Bob Andersson wrote:
I'm sure you are right about the embargo as I've previously found that in general Adobe's converters don't work on camera models released after Adobe's software releases. The purist might argue that it's so Adobe can be sure to wring the best out of the sensor (my very out of date copy of IrfanView had no trouble at all decoding the 650D/T4i file so the format hasn't changed). A cynic might argue that Adobe finds it convenient to try to force users to upgrade their copies of Adobe software.
Your post inspired me to check whether LR 3.6 (the final version of LR 3) would directly import a T4i .cr2.
Nope! But my December 2007 copy of IrfanView also opened that .cr2 with no problem.
It looks like LR has been coded to refuse to import RAW files (other than DNGs) that aren't from cameras on its internal list.
Looks like a nefarious scheme to promote their free DNG Converter!
I guess they figure that only a few folks will know about its existence and will put up with batch converting all their shots, and everyone else will grumble and upgrade.
I've been batch-processing my XTi/400D files for a while - even though LR 3 and CS4 know its format - because I discovered that it swaps the Max and Min focus distances in its EXIF data, making Canon's DPP and Adobe's software unable to do geometry correction.
I found EXIFtool, a free power tool that is programmable with batch files, and worked with its author to come up with a batch file to swap those values to where they should be. (Takes about one second per file on my elderly Dell.)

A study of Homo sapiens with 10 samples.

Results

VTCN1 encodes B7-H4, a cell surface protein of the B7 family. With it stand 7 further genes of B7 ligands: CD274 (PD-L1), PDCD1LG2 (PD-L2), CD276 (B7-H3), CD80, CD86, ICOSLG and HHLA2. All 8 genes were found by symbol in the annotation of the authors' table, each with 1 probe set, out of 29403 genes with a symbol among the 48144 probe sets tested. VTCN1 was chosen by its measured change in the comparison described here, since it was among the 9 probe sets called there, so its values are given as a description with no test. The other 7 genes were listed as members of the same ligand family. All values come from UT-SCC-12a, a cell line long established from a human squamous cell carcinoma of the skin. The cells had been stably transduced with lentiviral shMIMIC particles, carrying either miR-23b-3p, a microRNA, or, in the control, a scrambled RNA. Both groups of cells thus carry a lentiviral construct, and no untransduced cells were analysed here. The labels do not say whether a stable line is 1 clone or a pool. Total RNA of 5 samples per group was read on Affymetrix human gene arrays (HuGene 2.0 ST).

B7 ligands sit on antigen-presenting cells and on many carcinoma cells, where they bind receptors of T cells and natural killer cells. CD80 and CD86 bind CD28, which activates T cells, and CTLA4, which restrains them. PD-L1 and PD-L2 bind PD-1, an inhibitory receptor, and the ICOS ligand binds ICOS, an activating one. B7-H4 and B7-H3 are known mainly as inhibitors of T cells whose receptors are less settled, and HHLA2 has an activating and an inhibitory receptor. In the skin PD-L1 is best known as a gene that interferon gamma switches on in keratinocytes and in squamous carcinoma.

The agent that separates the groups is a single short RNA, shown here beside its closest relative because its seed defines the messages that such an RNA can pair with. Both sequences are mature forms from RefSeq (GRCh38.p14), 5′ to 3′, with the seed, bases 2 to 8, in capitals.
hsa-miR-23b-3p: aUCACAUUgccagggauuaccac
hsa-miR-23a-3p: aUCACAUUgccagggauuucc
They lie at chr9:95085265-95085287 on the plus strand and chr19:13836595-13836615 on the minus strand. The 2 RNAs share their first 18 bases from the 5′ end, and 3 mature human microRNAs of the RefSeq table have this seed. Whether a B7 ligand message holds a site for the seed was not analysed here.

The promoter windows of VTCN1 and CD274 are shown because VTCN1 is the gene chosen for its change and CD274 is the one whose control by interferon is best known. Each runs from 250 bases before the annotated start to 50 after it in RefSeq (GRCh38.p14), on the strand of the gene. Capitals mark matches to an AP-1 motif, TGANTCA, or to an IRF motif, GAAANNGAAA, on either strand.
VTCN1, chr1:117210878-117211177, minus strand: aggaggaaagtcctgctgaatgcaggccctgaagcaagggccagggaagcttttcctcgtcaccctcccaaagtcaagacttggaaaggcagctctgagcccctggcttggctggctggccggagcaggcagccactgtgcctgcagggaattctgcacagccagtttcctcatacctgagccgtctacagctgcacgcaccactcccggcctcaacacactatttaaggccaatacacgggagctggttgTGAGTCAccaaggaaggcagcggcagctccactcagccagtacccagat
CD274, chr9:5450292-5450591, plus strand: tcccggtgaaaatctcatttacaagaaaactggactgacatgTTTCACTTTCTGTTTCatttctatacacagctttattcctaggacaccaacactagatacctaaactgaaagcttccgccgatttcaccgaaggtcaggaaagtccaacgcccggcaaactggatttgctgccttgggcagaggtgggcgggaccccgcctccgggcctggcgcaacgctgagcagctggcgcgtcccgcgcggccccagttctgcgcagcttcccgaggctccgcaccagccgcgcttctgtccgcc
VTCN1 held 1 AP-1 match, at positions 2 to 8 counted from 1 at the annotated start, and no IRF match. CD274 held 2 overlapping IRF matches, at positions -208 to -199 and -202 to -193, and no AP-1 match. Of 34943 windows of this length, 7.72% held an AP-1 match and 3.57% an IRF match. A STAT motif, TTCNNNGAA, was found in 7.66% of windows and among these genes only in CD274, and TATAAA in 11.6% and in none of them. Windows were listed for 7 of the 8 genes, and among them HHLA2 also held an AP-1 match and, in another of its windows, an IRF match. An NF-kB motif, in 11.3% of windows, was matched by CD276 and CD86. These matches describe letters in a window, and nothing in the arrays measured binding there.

After that batch processing, Adobe's software is able to do geometry correction - but DPP still doesn't read those values. (Put the corrected files back onto the memory card and the camera can't understand them at all.)
PPS I probably should call my XTi a "400Plus," which is the name adopted by the folks doing ROM extensions for the 400D in a CHDK-descended open-source project. They've turned it into a mini-40D by adding spot-metering and a top ISO of 3000, plus lots of other gimmicks, like interval shooting and the ability to re-purpose the sensor near the eyecup that turns off the display when you raise the camera to your eye, letting you use it as a hands-free shutter-release: just wave your hand behind the camera!
But I'll hold off on implementing Magic Lantern - the sibling project for newer EOS models - until my T4i (there - I've said it: I'm gonna get one!) is beyond its warranty period.